What If The Muse Is Just Not That Into You?

You sit staring at the screen. You wait. And wait. It’s like your eyes are dead. So’s your brain.

Do something.

But the Muse is fickle today. Someone else is getting the literary foot-rub that should have been yours.

Oh, that Muse –

Screw the Muse. Yeah, you read right. Don’t wait around for that scumbag on wheels to grace you with inspiration. Because guess what? The Muse is just not that into you.

You’ll wait yourself right into a nursing home for the call that won’t come. Oh it’s Wednesday, you whine, your trembling finger leaving a greasy print on the calendar square, do you think the Muse will be here by Saturday night?

No, because the Muse is with someone else tonight and tomorrow and Saturday night too. Someone better, less talented, more talented, younger, older, fitter, more mature, wiser, smarter … probably another Muse. Maybe the Muse gave up your pretty Princess Di for some word-haggard, used up Camilla Parker-Bowles and in the grand scheme of things It Just Doesn’t Make Sense.

You get the picture.

Do. Not. Wait.

The most important words of your life.

Write. Don’t judge, don’t edit, don’t critique. Write.

Writing is a practice. So practice.

Write something, anything, every single day. Write silliness. Write nonsense. Write whatever comes to mind, even if you type I can’t write, what’s wrong with me a dozen times. Then change it up: your character can’t do something. What’s wrong? Can’t pull the trigger, can’t parent, can’t love a good person, can’t stop drinking. What’s behind it? It doesn’t have to be perfect (not until you’re ready to seek a publisher, that is). Drafts  don’t even have to be good. Really. Give yourself permission to stink at first. Everybody does.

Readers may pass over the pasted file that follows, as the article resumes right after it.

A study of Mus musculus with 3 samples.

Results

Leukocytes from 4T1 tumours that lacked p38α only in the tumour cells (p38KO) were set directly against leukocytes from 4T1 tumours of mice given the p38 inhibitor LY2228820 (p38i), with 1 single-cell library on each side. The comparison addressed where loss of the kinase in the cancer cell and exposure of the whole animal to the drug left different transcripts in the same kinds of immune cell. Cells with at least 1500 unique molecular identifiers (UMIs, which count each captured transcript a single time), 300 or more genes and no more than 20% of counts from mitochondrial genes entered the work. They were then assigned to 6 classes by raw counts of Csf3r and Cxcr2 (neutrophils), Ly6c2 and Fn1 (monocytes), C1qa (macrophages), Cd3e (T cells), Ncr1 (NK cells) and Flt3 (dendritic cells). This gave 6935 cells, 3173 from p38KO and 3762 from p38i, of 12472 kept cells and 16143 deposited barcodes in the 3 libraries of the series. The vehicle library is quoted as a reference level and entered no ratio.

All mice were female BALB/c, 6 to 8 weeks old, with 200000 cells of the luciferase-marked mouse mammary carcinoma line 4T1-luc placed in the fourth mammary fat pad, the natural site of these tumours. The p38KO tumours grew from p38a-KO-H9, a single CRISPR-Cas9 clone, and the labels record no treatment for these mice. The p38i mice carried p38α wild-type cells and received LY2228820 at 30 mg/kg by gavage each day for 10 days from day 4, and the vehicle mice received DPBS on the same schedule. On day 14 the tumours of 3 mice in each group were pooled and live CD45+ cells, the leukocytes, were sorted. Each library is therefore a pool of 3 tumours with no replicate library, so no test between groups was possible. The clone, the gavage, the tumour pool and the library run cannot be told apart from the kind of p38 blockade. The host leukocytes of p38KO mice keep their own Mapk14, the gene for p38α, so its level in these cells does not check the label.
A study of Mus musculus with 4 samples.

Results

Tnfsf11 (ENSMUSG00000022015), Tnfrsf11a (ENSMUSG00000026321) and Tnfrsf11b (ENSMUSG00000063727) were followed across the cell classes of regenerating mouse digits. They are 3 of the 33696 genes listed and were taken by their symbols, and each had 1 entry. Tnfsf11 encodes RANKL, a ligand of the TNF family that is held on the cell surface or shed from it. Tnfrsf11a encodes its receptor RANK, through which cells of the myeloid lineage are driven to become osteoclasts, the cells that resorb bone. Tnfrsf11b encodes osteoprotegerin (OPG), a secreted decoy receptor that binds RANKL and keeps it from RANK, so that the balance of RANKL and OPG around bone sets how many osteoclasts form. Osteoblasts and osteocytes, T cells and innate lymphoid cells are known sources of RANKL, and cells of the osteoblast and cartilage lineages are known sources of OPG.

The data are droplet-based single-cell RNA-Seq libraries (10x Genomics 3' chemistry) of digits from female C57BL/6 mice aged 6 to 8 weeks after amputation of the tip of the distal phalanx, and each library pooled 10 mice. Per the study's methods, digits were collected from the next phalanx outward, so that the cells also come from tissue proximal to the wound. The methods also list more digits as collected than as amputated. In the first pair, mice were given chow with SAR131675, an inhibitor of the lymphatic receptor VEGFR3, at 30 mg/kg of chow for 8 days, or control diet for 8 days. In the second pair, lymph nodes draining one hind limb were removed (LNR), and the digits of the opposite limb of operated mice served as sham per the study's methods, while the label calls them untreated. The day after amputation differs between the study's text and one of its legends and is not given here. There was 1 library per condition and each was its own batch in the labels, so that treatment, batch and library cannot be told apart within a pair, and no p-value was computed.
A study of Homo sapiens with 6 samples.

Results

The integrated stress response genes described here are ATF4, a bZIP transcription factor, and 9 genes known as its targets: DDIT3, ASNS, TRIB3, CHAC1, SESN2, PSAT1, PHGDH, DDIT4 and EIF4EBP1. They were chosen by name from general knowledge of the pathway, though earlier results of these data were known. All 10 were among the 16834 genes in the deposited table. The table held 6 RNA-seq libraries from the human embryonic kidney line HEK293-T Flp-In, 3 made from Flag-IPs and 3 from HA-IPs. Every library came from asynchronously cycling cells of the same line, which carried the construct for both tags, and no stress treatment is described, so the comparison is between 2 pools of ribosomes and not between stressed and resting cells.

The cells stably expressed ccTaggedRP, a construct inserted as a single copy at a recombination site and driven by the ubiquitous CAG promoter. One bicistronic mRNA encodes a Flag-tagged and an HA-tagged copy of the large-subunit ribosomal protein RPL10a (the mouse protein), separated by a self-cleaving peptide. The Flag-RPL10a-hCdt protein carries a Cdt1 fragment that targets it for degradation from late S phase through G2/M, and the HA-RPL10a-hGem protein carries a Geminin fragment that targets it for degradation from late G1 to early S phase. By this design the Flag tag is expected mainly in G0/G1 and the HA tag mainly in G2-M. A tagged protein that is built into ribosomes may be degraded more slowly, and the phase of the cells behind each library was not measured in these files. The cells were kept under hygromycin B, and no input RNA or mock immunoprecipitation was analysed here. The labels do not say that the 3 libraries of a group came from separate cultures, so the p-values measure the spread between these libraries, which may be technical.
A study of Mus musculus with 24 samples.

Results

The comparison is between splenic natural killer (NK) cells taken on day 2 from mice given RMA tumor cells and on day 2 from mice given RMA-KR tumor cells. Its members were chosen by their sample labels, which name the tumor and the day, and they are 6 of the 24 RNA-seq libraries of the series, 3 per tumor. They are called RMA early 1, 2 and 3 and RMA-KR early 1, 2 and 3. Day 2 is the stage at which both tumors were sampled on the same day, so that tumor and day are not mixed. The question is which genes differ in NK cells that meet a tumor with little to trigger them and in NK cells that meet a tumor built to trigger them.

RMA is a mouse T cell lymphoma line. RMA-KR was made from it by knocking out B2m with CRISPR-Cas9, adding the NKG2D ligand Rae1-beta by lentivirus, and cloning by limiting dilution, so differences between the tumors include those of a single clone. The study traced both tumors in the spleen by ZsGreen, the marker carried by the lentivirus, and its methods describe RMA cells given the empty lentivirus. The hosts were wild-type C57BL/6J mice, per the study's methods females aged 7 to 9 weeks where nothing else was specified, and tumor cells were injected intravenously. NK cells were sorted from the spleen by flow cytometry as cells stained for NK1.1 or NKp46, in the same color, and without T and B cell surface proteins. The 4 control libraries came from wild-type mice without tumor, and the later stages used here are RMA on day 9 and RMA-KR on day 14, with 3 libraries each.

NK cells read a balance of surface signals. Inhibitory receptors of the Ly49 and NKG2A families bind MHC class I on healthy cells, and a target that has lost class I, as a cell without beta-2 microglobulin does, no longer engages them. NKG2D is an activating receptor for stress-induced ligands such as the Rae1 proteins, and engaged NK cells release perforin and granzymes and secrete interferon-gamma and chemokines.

Maybe there isn’t enough going on, not enough plot, not enough tension.

Change forms, tense, point of view. Change characters. Change projects. Start something new.

Make a SWOT chart. It’s an assessment of Strengths, Weaknesses, Opportunities, and Threats.  Do it for plot, character, style, anything you like. Do one on the Big Picture, ten on the particulars. What’s working? Maybe you really shine at dialogue but painting a clear picture with words is a weakness. Maybe you’ve applied three of the five senses (or six depending on your genre). That’s an opportunity to add taste or smell, whatever you’re lacking. Sit your characters down to a meal. Learn how to make the reader salivate when you describe a meal or a scent. Maybe a threat to your narrative is that you won’t get out of your own way. So shove over.

Maybe you need a metaphor or trope or symbol to hold everything together. Maybe you’re missing something below the surface. Not sure? Research it.

Don’t be afraid to turn away from a particular project for a long stretch. It can clear out the cobwebs and give you the mental space to problem-solve.

In the meantime, do some support work for your project. Research. Go to the library or Google Archive, dig up facts or old newspaper editions detailing daily life during the period and location in which your story takes place. You might discover something interesting that can involve your character. Build a world your characters can inhabit. It’s the skeletal system of story.

Remember that behind every written page is a background database ten times that volume, none of which will be written into the story, all of which will be present. Biographical character backgrounds, history, weather, philosophy. All these elements are a part of writing.

So don’t wait for inspiration. It’s wasting too much precious time.

Go get the bricks and lumber and grab a hammer. There’s a world to build.

And bring a towel. You’ll be doing a lot of sweating and crying.

But at least you won’t be throwing your writing life away for something that doesn’t exist.